More than one million users of MySpace.com may have been infected with adware spread by a single ad, according to iDefense, a computer security group.

The advertisement, for a site called deckoutyourdeck.com, appeared in user profiles on MySpace, an online community with at least 70 million users, said Ken Dunham, director of the rapid response team at iDefense, a subsidairy of VeriSign.

The ad exploits a problem in the way Internet Explorer handles Windows Metafile (WMF) image files.

The browser vulnerability raised alarms in December after hackers distributed a specially crafted WMF image through e-mail, instant messaging links and websites. If the image was opened, it could allow a hacker to gain control over a victim's computer.

There are at least 600 websites that take advantage of the WMF vulnerability, Dunham said. Microsoft issued a patch for the problem in January, but many consumer computers may not have applied the patch, leaving them unprotected.

Unpatched machines are particularly vulnerable. Merely visiting a page with the deckoutyourdeck.com banner ad causes a download of a Trojan horse program. Those who have installed the patch see a prompt asking to download a file called "exp.wmf" when visiting a page with the advertisement, Dunham said.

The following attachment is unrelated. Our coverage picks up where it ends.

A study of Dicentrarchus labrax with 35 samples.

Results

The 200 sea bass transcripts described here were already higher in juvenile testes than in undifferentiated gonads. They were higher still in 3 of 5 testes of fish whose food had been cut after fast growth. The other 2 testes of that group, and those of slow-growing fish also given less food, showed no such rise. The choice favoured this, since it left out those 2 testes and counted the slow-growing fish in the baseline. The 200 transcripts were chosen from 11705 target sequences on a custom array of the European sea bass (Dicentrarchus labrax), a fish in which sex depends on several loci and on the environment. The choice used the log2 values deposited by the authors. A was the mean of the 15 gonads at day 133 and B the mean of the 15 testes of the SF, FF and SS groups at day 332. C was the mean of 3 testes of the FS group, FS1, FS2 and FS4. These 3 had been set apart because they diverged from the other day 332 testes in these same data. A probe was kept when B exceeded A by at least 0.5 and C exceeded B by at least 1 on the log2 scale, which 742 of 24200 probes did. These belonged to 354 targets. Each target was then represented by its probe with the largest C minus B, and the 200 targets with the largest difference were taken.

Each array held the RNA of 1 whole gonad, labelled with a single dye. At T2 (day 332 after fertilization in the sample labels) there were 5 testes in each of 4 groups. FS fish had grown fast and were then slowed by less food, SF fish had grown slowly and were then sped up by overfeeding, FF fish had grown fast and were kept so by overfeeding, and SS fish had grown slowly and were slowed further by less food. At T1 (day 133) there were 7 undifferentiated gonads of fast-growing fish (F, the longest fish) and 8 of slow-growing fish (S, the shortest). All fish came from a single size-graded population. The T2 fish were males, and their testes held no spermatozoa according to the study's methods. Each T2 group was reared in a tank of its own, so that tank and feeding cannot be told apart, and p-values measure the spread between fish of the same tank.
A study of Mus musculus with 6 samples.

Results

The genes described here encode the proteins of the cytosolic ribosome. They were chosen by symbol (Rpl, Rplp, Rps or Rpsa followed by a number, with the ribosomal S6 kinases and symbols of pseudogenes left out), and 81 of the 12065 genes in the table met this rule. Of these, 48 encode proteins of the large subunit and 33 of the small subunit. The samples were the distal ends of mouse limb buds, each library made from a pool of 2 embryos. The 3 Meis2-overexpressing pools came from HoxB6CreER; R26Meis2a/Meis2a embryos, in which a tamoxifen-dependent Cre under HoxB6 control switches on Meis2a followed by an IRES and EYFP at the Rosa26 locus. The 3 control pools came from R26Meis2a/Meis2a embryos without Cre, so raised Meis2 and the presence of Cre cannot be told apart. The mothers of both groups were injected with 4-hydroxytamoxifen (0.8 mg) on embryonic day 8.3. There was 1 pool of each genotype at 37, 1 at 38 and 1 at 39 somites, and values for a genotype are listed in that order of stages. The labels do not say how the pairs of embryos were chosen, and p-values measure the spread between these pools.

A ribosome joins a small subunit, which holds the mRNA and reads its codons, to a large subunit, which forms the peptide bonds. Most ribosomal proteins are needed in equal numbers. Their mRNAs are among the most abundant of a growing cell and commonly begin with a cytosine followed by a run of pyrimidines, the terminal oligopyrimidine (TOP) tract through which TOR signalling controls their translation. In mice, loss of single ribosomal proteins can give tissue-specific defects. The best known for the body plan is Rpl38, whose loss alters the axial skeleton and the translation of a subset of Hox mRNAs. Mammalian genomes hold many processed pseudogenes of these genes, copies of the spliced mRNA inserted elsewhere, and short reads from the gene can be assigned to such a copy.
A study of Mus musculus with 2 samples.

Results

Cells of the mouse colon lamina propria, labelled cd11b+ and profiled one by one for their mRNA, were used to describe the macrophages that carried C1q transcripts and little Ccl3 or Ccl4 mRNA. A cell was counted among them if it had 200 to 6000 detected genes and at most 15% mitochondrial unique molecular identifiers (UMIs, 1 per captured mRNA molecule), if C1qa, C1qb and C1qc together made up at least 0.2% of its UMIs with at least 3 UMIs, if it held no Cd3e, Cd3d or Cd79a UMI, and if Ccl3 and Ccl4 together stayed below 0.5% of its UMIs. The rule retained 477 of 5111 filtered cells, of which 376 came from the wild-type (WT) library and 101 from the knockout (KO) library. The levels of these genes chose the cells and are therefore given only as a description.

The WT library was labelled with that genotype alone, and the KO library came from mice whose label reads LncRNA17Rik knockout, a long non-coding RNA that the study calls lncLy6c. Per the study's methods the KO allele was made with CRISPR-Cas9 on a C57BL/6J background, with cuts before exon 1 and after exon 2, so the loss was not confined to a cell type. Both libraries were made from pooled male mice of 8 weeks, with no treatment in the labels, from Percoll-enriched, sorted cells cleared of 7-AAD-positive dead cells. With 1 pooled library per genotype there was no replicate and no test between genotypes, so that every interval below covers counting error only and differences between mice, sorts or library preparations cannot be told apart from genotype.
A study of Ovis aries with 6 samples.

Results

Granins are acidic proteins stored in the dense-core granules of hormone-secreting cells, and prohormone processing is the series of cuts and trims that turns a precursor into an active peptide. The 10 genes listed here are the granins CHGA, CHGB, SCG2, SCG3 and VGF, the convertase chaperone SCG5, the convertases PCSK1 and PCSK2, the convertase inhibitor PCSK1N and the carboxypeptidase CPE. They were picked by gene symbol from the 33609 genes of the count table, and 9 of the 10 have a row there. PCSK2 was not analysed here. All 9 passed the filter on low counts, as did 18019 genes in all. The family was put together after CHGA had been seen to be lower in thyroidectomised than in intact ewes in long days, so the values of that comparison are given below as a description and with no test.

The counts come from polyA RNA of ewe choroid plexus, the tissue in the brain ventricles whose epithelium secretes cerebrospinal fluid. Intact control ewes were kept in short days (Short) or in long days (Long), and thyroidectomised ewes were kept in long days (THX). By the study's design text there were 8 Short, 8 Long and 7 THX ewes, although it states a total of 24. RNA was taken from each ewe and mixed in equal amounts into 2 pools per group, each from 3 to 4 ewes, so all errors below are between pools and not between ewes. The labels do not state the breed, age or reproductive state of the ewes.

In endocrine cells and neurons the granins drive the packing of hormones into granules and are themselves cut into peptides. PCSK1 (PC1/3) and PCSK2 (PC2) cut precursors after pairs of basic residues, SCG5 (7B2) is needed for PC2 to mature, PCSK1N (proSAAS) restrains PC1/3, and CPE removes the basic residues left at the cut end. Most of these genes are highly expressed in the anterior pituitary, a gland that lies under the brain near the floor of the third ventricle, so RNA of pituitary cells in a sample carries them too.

Once it starts to run, the Trojan in the banner ad causes infected machines to contact multiple websites and download, among other unwanted programs, advertising software from PurityScan. The PurityScan software can cause unwanted pop-up windows to appear, and also tracks a user's online activity.

Adware can be very difficult to remove, even for technically savvy users.

"The problem is hackers are using a variety of exploits -- especially WMF -- to illegally and silently install this [adware] on users' computers," Dunham said.

MySpace has increasingly been targeted by hackers because of its popularity. MySpace officials contacted in London Thursday afternoon had no immediate comment. iDefense's Dunham was not sure whether the banner advertisement has been taken down yet, but said that it could have been active for weeks.

Web sites that distribute adware are paid based on the number of machines that get infected with the software, and hackers have created ways to spread the adware without user consent, increasing their payments.

iDefense estimated the number of infections caused by the deckoutyourdeck.com ad through a server in Turkey hosting the adware. The server appears to track the number of machines infected with the adware, and indicated that 1.07 million computers had downloaded the program, Dunham said.

A Whois search for deckoutyourdeck.com leads to a winding trail of registrants. Dunham said hackers frequently use false credentials when registering a domain name to cloud inquiries.